The New York Times reported on Thursday that the Senate Judiciary Committee voted to introduce a bill to the Senate floor which, if passed, would allow a secret court to review the Constitutionality of the NSA eavesdropping program.
In 2002, soon after signing the controversial Patriot Act, Bush authorized the program which allows officials to spy on e-mail and phone conversations between U.S. citizens and potential threats overseas without a warrant to expose terroristic plots. The New York Times first exposed the program much to the discontent of the White House in December of 2005.
A host of bills are currently active in Congress including one that would require the administration to update Congress frequently on the eavesdropping program and the other aforementioned bill that would allow the secret court to determine its legality.
It’s legality? In 1978, in response to eavesdropping programs prior to and during the Nixon Administration, President Jimmy Carter signed the Foreign Intelligence Surveillance Act of 1978, which, in part states this:
“The President through the Attorney General may authorize electronic surveillance without a court order…for periods up to one year if the Attorney General certifies under oath in writing that there is no substantial likelihood that the surveillance will acquire the contents of any communication to which a United States person is a party.”
It’s legality? The Fourth Amendment of the United States constitution protected such privacy rights of U.S. citizens long before President Carter signed FISA in 1978. That amendment reads:
“The right of the people to be secure in their persons, houses, papers, and effects, against unreasonable searches and seizures, shall not be violated, and no Warrants shall issue, but upon probably cause, supported by oath or affirmation, and particularly describing the place to be searched, and the persons or things to be seized.”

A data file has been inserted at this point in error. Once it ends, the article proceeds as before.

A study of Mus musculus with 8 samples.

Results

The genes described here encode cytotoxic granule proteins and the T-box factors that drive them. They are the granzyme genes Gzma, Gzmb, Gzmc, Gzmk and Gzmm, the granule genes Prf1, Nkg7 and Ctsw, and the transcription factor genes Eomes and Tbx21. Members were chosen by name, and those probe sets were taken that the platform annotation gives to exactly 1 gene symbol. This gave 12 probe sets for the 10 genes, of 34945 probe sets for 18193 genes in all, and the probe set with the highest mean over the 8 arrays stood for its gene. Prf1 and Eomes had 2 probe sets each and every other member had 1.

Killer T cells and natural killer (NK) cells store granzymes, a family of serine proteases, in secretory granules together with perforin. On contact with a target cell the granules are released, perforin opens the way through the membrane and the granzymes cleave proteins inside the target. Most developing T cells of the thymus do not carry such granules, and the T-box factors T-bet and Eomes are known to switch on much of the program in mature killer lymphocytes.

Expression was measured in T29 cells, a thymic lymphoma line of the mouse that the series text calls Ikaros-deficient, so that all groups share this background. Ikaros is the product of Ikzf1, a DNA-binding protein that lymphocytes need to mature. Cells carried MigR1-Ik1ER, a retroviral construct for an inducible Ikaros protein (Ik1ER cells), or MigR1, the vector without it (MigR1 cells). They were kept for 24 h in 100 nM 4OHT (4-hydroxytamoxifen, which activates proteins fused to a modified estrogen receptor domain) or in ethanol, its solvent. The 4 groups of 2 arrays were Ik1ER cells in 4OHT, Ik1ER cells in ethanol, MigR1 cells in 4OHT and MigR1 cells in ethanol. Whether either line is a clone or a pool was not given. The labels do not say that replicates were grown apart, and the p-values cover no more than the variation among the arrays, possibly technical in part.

The Patriot Act, passed without much resistance soon after the 2001 World Trade Center attacks, already infringes on some of those constitutional rights by allowing the government free access to personal records.
In 2002, the “Human Rights Magazine” published an article written by John Podesta, a law professor and former Clinton chief of staff, called “USA Patriot Act: The Good, the Bad, and the Sunset.” The article’s relevance extends beyond that controversial bill. In it, Podesta wrote this:
“Many aspects of the bill increase the opportunity for law enforcement and the intelligence community to return to an era where they monitored and sometimes harassed individuals who were merely exercising their First Amendment rights. Nothing that occurred on September 11 mandates that we return to such an era.”
A yes vote in the Senate now could lead to the possible legitimization of further Constitutional and U.S. code violations, and a win for the Bush administration. It’s clear that in “Post 9/11,” America, safeguards should be taken to protect individual U.S. citizens and the nation as a whole from future attacks. But where will this end?
Tomorrow, will an official from our own government enter and search our homes without reason? Will the government hold U.S citizens secretly in prisons, without the proof of wrongdoing or a trial. If Mr. Bush and this administration continue this action, what exactly are those safeguards protecting? Our liberties and civil rights will have already been sacrificed.